The second post in this series reports on a new law that confers immunity from civil action upon victims of crime for testimony given at offender’s parole hearing unless testimony is intentionally or maliciously false and defamatory.
Here is the full text of the new statute:
T.C.A. Section 40-38-303.
(a) In order for a victim of crime to meaningfully exercise the victim’s constitutional right to be heard, when relevant, at all critical stages of the criminal justice process, a victim is immune from civil liability or any civil cause of action brought by the offender that arises from the victim’s testimony at the offender’s hearing before the board of probation and parole, or a panel thereof. Such immunity from suit shall not apply if the victim’s testimony is intentionally and maliciously false and defamatory.
(b)(1) If the offender brings a cause of action against the victim based upon the victim’s testimony before the board of probation and parole, or a panel thereof, in spite of the immunity conferred by subsection (a), as an attachment to the complaint, the offender shall proffer all statements made by the victim alleged to be intentionally and maliciously false and defamatory. Within five (5) days the court shall examine the offender’s complaint to determine if the statements of the victim proffered by the offender could reasonably be construed as sufficient to overcome the victim’s immunity conferred by this section.
(2) If the court finds that the victim’s statements to the board of probation and parole, or a panel thereof, may reasonably be construed as intentionally and maliciously false and defamatory, it shall allow the cause of action to proceed.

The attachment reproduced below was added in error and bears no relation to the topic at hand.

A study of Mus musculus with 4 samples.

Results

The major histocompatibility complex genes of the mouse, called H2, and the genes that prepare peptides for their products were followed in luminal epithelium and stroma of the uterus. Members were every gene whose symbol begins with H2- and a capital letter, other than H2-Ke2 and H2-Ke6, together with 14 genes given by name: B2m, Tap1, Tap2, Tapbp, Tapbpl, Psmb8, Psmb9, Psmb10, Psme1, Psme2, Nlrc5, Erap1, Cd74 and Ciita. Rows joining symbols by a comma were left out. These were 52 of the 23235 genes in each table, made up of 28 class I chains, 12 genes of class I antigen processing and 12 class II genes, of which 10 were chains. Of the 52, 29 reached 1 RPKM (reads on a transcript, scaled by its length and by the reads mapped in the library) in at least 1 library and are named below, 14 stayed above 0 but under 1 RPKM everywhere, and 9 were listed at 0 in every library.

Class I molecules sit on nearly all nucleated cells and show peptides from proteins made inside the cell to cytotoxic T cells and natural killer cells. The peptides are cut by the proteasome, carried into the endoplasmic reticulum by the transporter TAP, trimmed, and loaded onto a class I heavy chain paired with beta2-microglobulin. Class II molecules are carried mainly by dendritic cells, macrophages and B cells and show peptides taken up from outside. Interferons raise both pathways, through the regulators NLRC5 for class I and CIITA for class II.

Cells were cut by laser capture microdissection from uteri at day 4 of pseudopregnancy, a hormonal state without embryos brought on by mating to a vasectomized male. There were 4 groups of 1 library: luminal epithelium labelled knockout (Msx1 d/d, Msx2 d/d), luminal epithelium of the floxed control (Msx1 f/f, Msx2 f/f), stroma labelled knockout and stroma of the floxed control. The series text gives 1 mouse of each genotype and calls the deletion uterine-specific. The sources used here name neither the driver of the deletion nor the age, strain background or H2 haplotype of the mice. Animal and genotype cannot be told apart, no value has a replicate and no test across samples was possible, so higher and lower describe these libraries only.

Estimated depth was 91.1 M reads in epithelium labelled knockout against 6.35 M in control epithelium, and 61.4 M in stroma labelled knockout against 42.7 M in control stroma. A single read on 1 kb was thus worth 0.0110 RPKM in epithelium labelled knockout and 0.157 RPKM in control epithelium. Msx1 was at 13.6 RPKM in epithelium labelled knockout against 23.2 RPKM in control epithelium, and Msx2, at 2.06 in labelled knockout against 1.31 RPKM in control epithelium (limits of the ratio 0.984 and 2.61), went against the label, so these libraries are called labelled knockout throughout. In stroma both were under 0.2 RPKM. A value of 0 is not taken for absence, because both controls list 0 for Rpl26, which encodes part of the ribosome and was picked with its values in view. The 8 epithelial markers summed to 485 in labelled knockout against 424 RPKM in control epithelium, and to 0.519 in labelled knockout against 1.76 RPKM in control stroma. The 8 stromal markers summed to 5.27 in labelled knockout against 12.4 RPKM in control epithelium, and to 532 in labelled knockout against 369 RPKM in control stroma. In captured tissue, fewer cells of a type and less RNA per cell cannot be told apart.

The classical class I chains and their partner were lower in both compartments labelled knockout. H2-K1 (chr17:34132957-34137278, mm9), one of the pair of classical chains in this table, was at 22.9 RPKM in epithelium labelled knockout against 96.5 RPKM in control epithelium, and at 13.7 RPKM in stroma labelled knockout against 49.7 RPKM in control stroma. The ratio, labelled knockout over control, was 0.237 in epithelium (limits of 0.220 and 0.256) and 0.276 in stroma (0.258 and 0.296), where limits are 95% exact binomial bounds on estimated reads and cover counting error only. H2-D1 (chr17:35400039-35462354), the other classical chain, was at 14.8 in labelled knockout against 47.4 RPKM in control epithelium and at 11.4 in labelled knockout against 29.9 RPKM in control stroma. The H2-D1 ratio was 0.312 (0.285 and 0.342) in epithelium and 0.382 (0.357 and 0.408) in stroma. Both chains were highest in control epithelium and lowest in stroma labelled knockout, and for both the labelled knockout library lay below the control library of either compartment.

(3) If the court finds that the offender has not produced sufficient evidence to overcome the victim’s immunity conferred by subsection (a), it shall dismiss the cause of action with prejudice.
(4) If the court finds that not only was the action without merit but was brought for the purpose of intimidating, harassing or abusing the victim in violation of Article I, Section 35 of the Tennessee Constitution, it:
(A) Shall notify the appropriate warden of the offender’s institution and recommend disciplinary action against the offender, including the loss of sentence reduction credits; and
(B) May prohibit the offender from filing any future actions of a similar nature in such court.
Here is a copy of Public Acts 2009, Public Chapter 50.
For other changes in Tennessee statutory law of interest to tort lawyers see the Legislaton 2009 category.